The Reporter also reports that “scattered boos and murmurs could be heard in the audience” when producer Mark Burnett was given an award for outstanding producer of competition television for "The Voice."
Burnett is the creator of “The Apprentice,” a competition reality show which first aired in 2004 and starred Donald Trump for 11 seasons. Burnett also produces the music competition show “The Voice,” and produced the miniseries “The Bible” and the film “Ben-Hur.”
Frank Rich, formerly of the New York Times and now a writer for New York magazine, was at the awards and tweeted that “hissing greeted @MarkBurnettTV when he won Producers Guild award for ‘The Voice’ just now.” Steve Pond, a writer for the Hollywood website The Wrap, tweeted the following: "Do I sense an air of hostility in the room as Mark Burnett accepts an award for The Voice? Yep. Boos, even. #PGAawards."
In October 2016 Burnett released a statement saying that he is not a political supporter of Trump.
While onstage to introduce a clip from the film Legend addressed Trump while onstage to introduce a clip from the film ”La La Land,” singer John Legend said the following:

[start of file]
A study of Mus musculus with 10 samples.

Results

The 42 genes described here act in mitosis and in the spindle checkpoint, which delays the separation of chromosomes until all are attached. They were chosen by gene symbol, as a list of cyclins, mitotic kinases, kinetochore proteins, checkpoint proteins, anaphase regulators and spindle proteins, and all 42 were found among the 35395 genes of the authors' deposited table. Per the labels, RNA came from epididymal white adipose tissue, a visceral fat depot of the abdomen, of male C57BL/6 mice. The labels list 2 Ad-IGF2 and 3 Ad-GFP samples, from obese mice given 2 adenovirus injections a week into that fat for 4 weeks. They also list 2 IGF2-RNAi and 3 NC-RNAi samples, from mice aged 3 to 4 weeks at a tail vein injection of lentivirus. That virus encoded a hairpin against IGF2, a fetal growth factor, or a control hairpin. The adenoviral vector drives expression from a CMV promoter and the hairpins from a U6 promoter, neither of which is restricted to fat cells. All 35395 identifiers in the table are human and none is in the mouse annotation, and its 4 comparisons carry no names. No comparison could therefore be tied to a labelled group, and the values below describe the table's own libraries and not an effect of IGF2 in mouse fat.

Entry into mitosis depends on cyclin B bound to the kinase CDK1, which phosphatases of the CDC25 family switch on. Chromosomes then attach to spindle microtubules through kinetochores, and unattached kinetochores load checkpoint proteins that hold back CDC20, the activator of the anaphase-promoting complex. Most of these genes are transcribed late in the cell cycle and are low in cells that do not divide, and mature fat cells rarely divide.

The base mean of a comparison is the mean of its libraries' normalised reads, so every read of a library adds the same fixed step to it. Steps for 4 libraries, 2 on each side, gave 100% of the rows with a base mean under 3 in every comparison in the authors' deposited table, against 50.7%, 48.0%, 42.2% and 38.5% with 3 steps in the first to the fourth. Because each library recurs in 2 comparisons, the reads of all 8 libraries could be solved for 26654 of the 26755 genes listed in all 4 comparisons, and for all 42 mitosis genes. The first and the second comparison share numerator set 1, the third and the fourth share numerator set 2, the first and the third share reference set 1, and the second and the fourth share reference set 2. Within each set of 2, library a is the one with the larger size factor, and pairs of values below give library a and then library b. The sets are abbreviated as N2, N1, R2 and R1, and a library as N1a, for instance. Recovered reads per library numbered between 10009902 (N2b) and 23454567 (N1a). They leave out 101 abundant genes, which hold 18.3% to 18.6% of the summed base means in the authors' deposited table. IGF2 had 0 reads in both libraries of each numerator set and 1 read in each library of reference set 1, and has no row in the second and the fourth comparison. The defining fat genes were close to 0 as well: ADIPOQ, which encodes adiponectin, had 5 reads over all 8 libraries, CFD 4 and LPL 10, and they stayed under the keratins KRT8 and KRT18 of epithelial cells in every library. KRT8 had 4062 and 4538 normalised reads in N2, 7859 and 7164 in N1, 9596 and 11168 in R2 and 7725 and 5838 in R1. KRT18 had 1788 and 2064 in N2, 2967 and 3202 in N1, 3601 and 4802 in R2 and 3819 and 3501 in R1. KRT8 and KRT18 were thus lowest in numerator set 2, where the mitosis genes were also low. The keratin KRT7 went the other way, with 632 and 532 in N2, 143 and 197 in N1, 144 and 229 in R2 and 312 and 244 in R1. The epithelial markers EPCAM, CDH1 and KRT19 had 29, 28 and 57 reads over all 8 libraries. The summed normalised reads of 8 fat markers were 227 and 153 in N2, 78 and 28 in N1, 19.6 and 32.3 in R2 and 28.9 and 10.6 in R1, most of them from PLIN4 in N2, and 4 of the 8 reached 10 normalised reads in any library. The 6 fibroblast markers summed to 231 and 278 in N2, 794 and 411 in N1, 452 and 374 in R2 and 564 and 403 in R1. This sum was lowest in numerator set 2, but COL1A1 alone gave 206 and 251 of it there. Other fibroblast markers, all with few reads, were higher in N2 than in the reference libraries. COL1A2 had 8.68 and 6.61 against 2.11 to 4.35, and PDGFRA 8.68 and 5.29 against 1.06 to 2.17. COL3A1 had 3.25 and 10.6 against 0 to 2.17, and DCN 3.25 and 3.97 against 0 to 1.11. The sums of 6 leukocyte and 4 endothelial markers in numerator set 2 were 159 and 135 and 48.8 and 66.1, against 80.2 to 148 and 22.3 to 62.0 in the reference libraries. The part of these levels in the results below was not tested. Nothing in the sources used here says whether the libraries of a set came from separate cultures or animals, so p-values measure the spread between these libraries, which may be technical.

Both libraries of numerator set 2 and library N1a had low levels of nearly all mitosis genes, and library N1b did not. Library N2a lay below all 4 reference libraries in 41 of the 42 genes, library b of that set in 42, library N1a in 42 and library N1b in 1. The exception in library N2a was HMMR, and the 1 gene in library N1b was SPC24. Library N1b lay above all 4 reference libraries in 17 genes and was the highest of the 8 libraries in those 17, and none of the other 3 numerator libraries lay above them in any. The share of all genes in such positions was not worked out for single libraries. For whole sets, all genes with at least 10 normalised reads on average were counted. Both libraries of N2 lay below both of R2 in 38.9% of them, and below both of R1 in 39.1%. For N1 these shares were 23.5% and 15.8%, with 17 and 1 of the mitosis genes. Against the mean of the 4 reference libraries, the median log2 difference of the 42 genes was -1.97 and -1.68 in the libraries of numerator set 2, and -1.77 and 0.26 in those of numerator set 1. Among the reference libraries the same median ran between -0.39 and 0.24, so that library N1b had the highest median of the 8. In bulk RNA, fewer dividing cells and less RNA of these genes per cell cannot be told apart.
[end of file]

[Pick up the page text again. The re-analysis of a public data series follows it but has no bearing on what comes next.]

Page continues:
Los Angeles is the home of so many immigrants, so many creative people, so many dreamers. Our America is big, it is free, and it is open to dreamers of all races, all countries, all religions. Our vision of America is directly antithetical to that of President Trump. I want to specifically tonight reject his vision and affirm that America has to be better than that.
According to the Reporter, there were other protests. Elizabeth and Nora Rothman, there to present their father Tom Rothman with the Milestone Award, appeared wearing pink kitten hats that were popular at the recent Women’s March on Washington. Tom Rothman is the chairman of Sony Pictures Entertainment Motion Picture Group.
Colin Firth, one of the producers of the film “Loving,” which dramatizes an interracial 1950s couple’s fight to get married, accepted an award by saying, "This is for Richard and Mildred Loving, the ACLU and for everyone whose families are being separated by the discrimination of others."
“20th Century Women” producer Megan Ellison, upon receiving the Visionary Award, told the crowd, "The scariest thing we can do now, or ever, is to shut up."
Accepting the best documentary feature award for “O.J.: Made in America,” producer and director Ezra Edelman said:
I'm standing here as a direct descendant of the Loving vs. Virginia decision, and it's heartening to be standing here on a night when we are honoring that incredible film and those two incredible people, and in a year when we've been honoring a movie like Moonlight that does focus on a character that is so often overlooked and marginalized, a movie like Arrival that is about inclusion and communication. Please, all the producers in the room, please keep telling stories about our humanity, about our country, about the world that we want to live in.